I. In Focus This Week
Domicile, Rahm-icile: Reflections on the Elections Stained Glass Window
Like any self-respecting election geek, I was riveted by the recent legal dust-up in Chicago about whether or not Rahm Emanuel is eligible to run for mayor.
While popular coverage of the case focused on the political impact of the controversy, for me the case was a living, breathing, front-page example of a rare if not unique characteristic of American elections.
I call it the stained-glass window.
Just as a larger image is assembled from small yet well-defined pieces of glass, America’s electoral map is built from small but well-defined pieces of geography. At any given time, voters can belong to one and only one piece – and that choice has an impact on just about every aspect of their voting experience: what’s on the ballot, the means, rules and deadlines for casting it and the level of human and technological resources devoted to assist them with the process.
And yet, as the Emanuel case reminds us, it isn’t enough for a voter merely to choose a piece of the window; they must also be prepared to prove that they belong there. Residency requirements at virtually every level of government specify criteria to evaluate whether or not an individual is sufficiently a part of a jurisdiction to participate in its elections.
The test commonly used is the notion of “domicile”, which requires some level of physical presence in a place plus intent to remain there. When voters are largely settled and stationery - i.e., in a single piece of the window - this inquiry is relatively simple. When they hop from piece to piece, however - as more and more voters do in our increasingly mobile nation - it gets far more difficult.
The Emanuel case is also illustrative of another key feature of the notion of domicile: while a voter can choose a piece of the window, that choice is not conclusive and he or she must be prepared to defend it if challenged. Because residence is so personal, these discussions are incredibly fact-intensive. Thus, for example, in defense of a challenge to his Chicago residency (and his mayoral eligibility), a key piece of evidence on Mr. Emanuel’s behalf was that belongings left behind in his family’s rented Chicago house included his wife’s wedding gown, an heirloom coat worn by his grandfather when he immigrated to the U.S. and his children’s school projects and report cards.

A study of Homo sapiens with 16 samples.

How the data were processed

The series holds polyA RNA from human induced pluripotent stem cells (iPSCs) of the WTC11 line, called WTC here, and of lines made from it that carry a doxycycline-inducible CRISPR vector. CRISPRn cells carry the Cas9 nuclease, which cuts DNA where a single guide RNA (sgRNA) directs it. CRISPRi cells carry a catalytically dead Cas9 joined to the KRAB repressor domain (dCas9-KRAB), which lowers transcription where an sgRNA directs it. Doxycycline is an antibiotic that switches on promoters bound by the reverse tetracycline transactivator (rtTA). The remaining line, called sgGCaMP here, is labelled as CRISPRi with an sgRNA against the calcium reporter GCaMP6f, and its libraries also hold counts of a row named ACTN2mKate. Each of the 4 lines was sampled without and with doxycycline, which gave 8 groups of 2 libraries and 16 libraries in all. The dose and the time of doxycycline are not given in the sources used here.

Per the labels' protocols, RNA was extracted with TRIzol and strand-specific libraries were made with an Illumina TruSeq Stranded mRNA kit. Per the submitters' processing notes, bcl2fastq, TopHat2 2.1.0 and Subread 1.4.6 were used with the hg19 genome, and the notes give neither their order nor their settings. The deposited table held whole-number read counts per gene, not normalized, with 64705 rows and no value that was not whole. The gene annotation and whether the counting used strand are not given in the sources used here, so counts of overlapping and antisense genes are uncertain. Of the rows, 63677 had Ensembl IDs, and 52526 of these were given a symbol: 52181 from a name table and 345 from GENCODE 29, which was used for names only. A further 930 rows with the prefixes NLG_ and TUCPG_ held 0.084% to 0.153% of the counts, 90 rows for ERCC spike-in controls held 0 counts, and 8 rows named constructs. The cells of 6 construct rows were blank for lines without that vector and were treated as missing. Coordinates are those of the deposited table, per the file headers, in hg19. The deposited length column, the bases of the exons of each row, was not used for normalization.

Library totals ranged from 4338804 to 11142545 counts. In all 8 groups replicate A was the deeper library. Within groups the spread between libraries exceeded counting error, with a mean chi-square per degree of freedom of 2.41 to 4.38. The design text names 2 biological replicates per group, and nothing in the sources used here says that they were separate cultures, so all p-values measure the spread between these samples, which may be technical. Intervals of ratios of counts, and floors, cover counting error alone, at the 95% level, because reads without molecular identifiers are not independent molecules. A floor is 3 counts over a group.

It’s tempting to dismiss Maksym v. Chicago Board of Elections as a bare-knuckled Chicago political fight; however, the headlines in the last few weeks have brought us other examples of the role that domicile and the stained glass window play in the American electoral process:
- In New Hampshire, a state legislator has introduced a bill that would strip many college students, military servicemembers and federal workers of the right to vote in the state by sharply limiting the definition of domicile; and
- In Montana, debate about the adoption of voting by mail included legislators openly questioning voting by college students, noting their lack of connection to the community.
What’s fascinating about these domicile fights is that they don’t really stem from a problem that can be conclusively solved. Efforts to modernize the nation’s election system have made it easier than ever to jump from piece to piece by improving voter registration and voting information and yet -- unless the nation is willing to abandon state and local boundaries, which I doubt -- the stained-glass window remains. Indeed, our growing mobility and modernization is going to bring domicile to the forefront of election administration more and more over time.
The challenge as this happens will be to take a hard look at our election laws, regulations, practices and procedures to ensure that domicile discussions, as messy as they are, are used only to assess residency and not to screen out otherwise eligible voters based on how they might vote.
After all, each of us belongs to a piece of the election stained glass window – but we need to remember that our piece doesn’t really belong to us.